Sunday, April 12, 2015

Easy French Bread

I don't know why I've put off making French bread for so long - I guess I'm just too much of a whole-grain purist, and you just can't make a good loaf of French bread with whole grains (at least I assume so - I guess I haven't tried it yet!) But I found myself buying frozen garlic bread one too many times in the grocery store and feeling horribly guilty for all of the nasty chemicals I was feeding my children. So I finally gave in and pulled out my trusty old Better Homes and Gardens New Cook Book and looked up French Bread.

The ingredient list was simple - flour, yeast, salt, and water (with an eggwash for that classic crust - I'm sure you could skip that if you needed to go egg-free). So I pulled out my organic white flour and went to work. I made one recipe by the book, and a second right away skipping some of the more complicated steps. They both turned out about the same, so here's my "cheater" easy version:

Easy French Bread
makes 2 loaves
5 cups flour
1 1/2 Tbsp yeast
1 1/2 tsp salt
2 cups warm water
Mix all together (in a mixer or by hand) and knead until smooth and elastic. Let rise for about an hour (I use my seedling grow mat, and it rises like a dream!) After dough has risen, roll out into a 15x10 inch rectangle and roll up, starting from a long side:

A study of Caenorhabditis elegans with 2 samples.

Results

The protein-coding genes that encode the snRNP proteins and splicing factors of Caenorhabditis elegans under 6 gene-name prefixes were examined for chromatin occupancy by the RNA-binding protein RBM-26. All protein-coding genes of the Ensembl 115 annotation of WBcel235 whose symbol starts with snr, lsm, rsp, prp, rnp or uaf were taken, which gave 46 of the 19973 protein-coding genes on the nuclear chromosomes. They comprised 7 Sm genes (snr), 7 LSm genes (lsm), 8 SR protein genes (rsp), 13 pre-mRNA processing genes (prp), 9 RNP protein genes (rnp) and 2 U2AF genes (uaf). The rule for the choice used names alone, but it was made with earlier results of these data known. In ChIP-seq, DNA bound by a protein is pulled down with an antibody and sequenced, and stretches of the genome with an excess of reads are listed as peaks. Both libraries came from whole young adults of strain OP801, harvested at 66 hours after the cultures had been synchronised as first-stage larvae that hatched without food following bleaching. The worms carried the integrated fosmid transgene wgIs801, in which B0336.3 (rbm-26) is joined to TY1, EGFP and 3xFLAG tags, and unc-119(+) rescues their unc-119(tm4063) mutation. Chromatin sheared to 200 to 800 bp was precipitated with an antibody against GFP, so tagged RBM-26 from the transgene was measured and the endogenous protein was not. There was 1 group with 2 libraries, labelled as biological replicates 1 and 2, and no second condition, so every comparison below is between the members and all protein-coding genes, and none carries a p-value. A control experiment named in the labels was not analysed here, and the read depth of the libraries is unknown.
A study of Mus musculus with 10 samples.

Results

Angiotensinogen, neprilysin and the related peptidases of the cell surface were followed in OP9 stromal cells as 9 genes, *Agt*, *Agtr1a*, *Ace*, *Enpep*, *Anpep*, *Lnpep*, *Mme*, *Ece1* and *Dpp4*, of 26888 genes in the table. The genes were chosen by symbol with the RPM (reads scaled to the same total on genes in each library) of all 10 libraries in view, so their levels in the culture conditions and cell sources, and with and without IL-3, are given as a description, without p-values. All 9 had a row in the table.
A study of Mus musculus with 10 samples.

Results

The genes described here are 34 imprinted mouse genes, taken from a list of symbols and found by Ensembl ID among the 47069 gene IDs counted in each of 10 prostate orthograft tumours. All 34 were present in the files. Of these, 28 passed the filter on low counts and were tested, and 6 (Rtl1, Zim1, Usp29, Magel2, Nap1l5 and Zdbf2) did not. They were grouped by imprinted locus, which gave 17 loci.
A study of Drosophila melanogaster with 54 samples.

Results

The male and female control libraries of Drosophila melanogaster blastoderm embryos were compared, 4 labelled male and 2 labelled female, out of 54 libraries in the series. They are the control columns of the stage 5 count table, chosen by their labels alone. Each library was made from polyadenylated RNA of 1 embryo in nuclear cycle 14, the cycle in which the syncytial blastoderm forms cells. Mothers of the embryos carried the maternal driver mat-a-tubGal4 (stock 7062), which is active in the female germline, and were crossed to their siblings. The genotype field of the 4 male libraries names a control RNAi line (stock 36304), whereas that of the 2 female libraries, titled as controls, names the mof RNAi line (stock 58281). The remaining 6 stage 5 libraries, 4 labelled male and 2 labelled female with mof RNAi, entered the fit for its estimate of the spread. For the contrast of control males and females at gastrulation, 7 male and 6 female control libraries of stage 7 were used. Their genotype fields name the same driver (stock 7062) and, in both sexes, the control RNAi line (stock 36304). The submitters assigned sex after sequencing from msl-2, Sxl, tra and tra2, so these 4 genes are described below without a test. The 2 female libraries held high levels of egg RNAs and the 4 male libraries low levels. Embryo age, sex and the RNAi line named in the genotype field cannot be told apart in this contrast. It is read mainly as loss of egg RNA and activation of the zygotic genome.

Place seam-side down on a baking sheet, cover with a towel, and let rise for another 45 minutes. Then, using a sharp knife, slice each loaf 4 or 5 times diagonally across the top. For an extra-crispy crust, make an egg wash (use a fork to beat one egg (I use a whole egg; many recipes call for just the white, but I don't bother separating it - this is my "cheater" recipe, remember) and brush across the top of each loaf. I like to use a silicone barbecue brush):
Bake in a preheated 365 degree oven for 40-45 minutes, or until bread sounds hollow when you tap the top with your finger. Immediately move to a wire rack to cool.
To make garlic bread, slice lengthwise and brush with garlic butter (crush garlic and mix with melted butter - I use about two cloves per 1/2 stick of butter). Bake about 10 minutes at 400 degrees, or until edges begin to brown.

1 comment:

  1. I didn't know that rolling the dough was how you get that nice baguette shape. Thanks!